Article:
Gambling has become a huge pleasure in our time, and what used to exist only in casinos can now also exist on every phone or computer. During the pandemic, as casinos and racetracks closed down, those who enjoyed the prospect of gambling could easily find a gambling website and wager their bets on any prize they wanted. Sports, in particular, has become a highlight for gambling addictions over the last decade, where fans can bet on teams, individual athletes, and game sessions to understand their odds and see what you can win in terms of financial gains. However, the rise of this type of gambling has also led to an increase in gambling disorders.
The Repeating Problem of Online Gambling
Gambling disorder is a type of behavior that’s involves repeated gambling to the point where it interferes with the individual’s life, their families, and how they interact with society at large. Those with a gambling disorder have trouble controlling their impulse to gamble and will continue to do so even if the activity presents significant problems in their current life.
People with gambling addictions often gamble when they feel stressed, feel restless or irritable when they cut down on gambling, and often compulsively lie and hide their gambling activities to achieve their desired excitement. Often with this type of addiction can cause risks to careers, relationships, and other opportunities. Gambling disorders tend to also run in families affected by trauma and social inequality, and with the prevalence of this type of disorder, many people with a gambling disorder tend to avoid treatment.
However, when it comes to the perception of how we perceive gambling, most people often think about casinos and race tracks as the primary sources of these addictions. In truth, legal gambling has now expanded into our digital devices and has become an intricate part of American sports. Sports gambling, in particular, is now firmly part of the sport’s dynamic, and with sports now becoming more of economic activity, it created a combination of sports and play that’s essentially a symptom of larger psychological problems within our society as a whole.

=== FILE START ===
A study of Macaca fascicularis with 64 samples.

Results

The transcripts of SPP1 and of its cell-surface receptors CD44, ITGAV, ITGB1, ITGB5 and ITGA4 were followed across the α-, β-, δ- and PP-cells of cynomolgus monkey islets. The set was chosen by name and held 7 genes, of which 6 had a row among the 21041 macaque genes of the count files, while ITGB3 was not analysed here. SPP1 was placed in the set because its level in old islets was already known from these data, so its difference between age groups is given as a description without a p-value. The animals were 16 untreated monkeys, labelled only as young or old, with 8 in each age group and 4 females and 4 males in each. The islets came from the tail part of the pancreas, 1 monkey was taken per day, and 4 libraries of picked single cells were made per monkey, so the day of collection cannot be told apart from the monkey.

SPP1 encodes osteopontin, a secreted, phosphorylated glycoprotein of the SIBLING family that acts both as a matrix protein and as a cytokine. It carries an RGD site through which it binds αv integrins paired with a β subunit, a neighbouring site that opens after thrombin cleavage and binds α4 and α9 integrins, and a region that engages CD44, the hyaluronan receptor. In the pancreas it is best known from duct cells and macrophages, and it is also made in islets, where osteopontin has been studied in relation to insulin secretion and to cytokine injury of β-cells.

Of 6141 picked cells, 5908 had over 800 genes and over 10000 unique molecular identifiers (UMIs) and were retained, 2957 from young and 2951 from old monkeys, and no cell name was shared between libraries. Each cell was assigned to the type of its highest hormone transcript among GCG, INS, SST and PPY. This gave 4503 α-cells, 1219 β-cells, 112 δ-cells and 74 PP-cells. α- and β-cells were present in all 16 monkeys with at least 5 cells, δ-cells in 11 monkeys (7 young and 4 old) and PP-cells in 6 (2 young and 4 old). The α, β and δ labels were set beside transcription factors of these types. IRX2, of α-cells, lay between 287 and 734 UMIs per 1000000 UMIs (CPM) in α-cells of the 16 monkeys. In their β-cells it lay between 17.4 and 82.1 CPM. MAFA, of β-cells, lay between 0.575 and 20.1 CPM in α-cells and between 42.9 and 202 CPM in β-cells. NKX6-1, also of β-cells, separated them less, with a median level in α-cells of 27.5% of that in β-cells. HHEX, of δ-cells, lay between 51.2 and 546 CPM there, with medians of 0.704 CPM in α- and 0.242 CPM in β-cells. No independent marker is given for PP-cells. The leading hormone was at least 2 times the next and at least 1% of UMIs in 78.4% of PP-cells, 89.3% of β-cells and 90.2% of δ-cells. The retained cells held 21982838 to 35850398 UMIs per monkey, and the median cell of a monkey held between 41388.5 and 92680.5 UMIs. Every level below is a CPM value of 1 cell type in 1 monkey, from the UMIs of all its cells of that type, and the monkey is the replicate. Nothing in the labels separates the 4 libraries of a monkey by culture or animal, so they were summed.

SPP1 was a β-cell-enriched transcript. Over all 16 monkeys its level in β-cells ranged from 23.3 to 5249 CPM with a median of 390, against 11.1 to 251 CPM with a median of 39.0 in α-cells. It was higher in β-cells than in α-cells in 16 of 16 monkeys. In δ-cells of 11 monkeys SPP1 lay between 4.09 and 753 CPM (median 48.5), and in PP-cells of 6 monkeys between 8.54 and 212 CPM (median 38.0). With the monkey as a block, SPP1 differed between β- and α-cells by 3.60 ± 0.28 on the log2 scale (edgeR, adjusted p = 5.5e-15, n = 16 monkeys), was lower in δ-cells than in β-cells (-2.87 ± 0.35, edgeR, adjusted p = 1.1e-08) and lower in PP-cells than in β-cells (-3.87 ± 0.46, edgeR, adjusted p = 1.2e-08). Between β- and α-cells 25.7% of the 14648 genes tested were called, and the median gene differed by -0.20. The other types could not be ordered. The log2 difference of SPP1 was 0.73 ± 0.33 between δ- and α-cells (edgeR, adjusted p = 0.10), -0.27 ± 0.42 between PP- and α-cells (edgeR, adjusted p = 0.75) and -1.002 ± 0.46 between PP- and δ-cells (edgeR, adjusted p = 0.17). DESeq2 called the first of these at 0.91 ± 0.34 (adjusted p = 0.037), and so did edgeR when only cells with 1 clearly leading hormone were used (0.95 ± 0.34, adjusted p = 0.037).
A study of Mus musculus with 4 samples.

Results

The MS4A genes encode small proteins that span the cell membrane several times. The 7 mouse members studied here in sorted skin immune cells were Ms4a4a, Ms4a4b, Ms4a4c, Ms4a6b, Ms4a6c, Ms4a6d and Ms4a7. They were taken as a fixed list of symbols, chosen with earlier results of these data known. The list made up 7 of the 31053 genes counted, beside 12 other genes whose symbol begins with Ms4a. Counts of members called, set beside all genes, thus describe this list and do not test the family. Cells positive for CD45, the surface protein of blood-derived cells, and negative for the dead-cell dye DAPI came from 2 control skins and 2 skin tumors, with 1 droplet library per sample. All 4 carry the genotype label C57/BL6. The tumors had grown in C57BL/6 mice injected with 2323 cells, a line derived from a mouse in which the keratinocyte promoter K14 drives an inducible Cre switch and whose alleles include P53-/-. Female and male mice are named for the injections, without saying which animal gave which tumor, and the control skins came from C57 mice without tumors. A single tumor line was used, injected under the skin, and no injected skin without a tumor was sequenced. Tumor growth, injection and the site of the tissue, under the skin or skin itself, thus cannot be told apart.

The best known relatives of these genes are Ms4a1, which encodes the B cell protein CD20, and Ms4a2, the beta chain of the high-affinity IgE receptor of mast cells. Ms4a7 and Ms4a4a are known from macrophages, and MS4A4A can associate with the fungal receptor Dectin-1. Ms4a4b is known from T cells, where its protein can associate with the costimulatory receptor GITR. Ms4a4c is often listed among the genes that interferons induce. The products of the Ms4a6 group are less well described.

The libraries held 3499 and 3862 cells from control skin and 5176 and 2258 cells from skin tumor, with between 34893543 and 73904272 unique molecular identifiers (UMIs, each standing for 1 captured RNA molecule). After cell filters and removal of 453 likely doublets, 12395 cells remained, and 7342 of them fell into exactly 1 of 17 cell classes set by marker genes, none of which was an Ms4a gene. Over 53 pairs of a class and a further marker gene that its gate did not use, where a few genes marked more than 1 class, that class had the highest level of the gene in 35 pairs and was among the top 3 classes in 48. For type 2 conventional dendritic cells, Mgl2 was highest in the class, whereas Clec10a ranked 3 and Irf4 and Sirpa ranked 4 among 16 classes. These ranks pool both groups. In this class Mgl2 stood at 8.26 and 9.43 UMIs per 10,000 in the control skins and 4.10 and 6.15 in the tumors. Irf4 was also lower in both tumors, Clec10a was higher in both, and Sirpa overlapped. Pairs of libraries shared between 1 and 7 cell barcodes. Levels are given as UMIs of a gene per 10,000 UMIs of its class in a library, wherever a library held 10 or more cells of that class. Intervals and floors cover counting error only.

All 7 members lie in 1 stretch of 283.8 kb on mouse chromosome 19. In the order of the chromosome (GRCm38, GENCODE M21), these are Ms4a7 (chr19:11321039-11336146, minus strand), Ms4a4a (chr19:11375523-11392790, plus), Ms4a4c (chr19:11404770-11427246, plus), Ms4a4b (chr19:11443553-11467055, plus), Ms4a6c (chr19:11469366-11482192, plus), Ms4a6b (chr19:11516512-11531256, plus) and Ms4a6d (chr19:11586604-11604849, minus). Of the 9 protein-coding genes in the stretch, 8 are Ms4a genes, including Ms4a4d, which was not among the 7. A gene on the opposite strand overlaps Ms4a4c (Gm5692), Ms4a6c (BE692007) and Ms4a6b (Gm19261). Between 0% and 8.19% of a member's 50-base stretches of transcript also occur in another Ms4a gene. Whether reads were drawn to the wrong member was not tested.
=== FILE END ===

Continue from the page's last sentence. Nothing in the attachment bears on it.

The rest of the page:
Receiving Help For Your Gambling Addiction
For right now, there are no FDA-approved medications that can treat gambling disorders, but there are multiple avenues for treatment that can help curb the need to gamble and help bring balance back into your life. Some treatments that can help with this addiction include:
- Mental Health Counseling: Cognitive behavioral therapy, group counseling, and family counseling can help provide different methods to address your relationship with gambling and find new ways to solve problems.
- Invest in New Hobbies: Investing in new hobbies to help curb gambling impulses can be a critical part of recovery and help handle other emotions such as stress.
- Anxiety/Depression Medications: Some medications can help indirectly treat gambling by addressing other conditions such as anxiety and depression.
- Gambling Helplines: In peer support scenarios, gambling hotlines can offer assistance in handling urges and finding solutions.
It’s also important to know that problem gamblers are at increased risk of suicide. For immediate attention, call the National Suicide Prevention Lifeline at 800-273-8255.